Traveling Philanthropy

Last fall, the Community Foundation helped sponsor TBeX, a travel blogger conference brought to the Finger Lakes. As a sponsor, we hosted a “pre-bex tour” centered around philanthropy: “Voluntourism and finding meaningful giving as you travel. I remember when one of our participants, Michael, from @bemused backpacker, asked me how a typical traveler would find an experience like the one we created for them. I told him, “you simply look up the Community Foundation in the area you are visiting and email them.”

“Not everyone has heard of a Community Foundation,” he told me.

“Oh, that’s right. Hmm...then I don’t know,” was the best response I had for him at that time. After spending time in Montana, I have a much better answer now.

CFxChange was born from the idea of creating our own professional development training. Sara and I would travel to a different community to see how their local issues impact their decision making and how, as a community, they carry out their  own philanthropy. A week-long professional development that we get to plan from scratch? Where we can fill every minute with what we want to learn about and what interests us? Sign us up! It sounded awesome. But also quite overwhelming…


“Volunteer opportunities in Bozeman, Montana” 

“Volunteering in Bozeman”

“Bozeman volunteers”



So, Bemused Backpacker, we have a better answer for your question about meaningful voluntourism. If you’re traveling, make sure to check out the nonprofits there. “Voluntourism” doesn’t always take on the traditional meaning of “volunteering.”  You can give back to the community you visit by going to a museum, appreciating local work, and supporting nonprofits at fundraisers or events. Most of these events aren’t only for locals, but it is always good to check with the nonprofit leaders anyway and lends itself to a great conversation.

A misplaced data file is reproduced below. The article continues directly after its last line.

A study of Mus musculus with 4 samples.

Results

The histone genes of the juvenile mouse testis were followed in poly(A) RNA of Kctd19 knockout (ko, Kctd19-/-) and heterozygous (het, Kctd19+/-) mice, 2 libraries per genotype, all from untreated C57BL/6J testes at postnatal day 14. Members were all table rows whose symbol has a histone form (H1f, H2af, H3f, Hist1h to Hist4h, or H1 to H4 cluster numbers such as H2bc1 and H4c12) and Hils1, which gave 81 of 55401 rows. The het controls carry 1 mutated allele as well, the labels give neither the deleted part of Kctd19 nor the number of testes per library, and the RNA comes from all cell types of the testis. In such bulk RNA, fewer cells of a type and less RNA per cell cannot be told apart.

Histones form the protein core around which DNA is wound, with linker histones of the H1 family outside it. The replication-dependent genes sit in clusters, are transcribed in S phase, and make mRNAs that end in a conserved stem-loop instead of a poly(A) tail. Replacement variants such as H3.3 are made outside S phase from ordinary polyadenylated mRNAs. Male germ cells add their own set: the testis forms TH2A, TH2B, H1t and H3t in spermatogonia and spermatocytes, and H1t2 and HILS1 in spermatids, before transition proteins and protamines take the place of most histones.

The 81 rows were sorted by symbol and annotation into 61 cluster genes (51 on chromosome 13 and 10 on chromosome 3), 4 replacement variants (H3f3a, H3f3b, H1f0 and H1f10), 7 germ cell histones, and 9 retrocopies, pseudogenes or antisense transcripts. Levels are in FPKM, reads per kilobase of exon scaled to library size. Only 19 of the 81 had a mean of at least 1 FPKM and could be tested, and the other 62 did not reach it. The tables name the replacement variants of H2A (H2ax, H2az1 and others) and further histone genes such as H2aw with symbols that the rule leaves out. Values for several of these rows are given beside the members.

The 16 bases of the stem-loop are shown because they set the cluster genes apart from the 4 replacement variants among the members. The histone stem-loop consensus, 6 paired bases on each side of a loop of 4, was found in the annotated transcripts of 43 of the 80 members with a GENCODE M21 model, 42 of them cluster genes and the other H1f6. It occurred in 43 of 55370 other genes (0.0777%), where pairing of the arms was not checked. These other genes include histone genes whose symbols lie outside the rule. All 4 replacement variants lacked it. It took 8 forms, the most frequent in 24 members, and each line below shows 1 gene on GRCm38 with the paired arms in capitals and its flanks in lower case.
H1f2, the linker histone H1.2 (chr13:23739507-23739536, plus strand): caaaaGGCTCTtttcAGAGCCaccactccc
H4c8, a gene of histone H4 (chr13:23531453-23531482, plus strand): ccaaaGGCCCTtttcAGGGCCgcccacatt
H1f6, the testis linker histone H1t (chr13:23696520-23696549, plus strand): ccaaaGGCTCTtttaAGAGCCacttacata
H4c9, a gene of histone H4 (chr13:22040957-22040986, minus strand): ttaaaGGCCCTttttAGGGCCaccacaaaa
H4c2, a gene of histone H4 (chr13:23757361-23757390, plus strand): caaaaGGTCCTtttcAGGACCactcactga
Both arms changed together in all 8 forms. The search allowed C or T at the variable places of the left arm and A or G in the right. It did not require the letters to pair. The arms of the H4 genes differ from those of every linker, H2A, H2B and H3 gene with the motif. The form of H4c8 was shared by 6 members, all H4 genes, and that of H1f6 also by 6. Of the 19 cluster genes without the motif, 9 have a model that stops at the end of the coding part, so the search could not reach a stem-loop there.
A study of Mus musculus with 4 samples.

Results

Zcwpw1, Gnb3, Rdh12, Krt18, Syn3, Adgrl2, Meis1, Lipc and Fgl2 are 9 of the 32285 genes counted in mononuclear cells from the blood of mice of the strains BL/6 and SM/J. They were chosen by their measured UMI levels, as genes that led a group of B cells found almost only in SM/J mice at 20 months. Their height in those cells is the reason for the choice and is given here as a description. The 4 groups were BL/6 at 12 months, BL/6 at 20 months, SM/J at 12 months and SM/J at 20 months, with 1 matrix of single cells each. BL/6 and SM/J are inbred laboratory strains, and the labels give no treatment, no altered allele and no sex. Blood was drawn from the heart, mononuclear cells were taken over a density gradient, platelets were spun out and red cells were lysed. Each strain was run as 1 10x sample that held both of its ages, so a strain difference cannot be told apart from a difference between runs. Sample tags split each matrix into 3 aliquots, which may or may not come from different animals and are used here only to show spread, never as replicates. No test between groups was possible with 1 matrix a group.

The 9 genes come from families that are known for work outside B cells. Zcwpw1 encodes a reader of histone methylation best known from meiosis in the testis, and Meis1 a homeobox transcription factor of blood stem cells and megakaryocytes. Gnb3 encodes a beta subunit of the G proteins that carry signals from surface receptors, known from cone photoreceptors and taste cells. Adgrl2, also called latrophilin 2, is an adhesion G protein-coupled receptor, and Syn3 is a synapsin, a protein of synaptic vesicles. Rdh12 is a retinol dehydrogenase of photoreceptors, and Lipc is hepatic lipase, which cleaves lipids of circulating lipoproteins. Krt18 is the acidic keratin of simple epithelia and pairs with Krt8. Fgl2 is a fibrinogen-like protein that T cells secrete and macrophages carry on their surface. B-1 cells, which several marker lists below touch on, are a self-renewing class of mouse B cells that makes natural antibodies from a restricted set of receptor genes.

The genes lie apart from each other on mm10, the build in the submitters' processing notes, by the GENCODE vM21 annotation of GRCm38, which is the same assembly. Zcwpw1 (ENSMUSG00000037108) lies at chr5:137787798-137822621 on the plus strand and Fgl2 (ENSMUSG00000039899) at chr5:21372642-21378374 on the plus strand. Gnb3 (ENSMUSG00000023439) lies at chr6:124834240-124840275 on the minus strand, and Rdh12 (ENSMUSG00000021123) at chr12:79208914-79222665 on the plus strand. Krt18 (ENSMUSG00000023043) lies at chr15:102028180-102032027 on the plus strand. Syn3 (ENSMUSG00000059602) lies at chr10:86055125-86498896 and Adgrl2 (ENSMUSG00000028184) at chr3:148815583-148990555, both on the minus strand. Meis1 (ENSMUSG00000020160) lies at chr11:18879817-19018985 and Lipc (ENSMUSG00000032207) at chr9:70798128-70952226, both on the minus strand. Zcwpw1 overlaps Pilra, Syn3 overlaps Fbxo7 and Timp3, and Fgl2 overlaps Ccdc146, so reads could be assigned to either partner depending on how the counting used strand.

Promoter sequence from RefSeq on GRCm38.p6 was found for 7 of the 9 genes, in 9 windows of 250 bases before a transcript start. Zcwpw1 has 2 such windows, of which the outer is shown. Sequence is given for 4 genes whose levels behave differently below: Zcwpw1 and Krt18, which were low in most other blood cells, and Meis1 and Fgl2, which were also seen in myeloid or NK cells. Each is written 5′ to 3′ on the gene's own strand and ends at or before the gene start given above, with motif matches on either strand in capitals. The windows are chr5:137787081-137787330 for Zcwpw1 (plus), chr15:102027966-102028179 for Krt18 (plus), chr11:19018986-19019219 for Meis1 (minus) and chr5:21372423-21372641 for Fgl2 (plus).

Yes, it might seem awkward; both of us sent a few emails that read, “This might sound strange, but we’re out-of-towners , from a small town, thousands of miles from yours, and we found your event online, can we participate?” We weren’t sure what responses we’d get because that IS strange. But, what we found, is that not only are nonprofits extremely welcoming to random people from small towns thousands of miles from theirs, they also LOVE travelers looking to help support their mission.

The limited time we spent alongside the employees and other volunteers at the nonprofits were more valuable than anything we could have found in a travel magazine. These are the people who are on the ground doing what we love and were able to give us such a unique perspective on the places we visited. A huge lesson learned from planning this trip is that when we travel, the tourism industry is what makes a place so special for visitors, but it is the work of the nonprofits that make a place sparkle for everyone.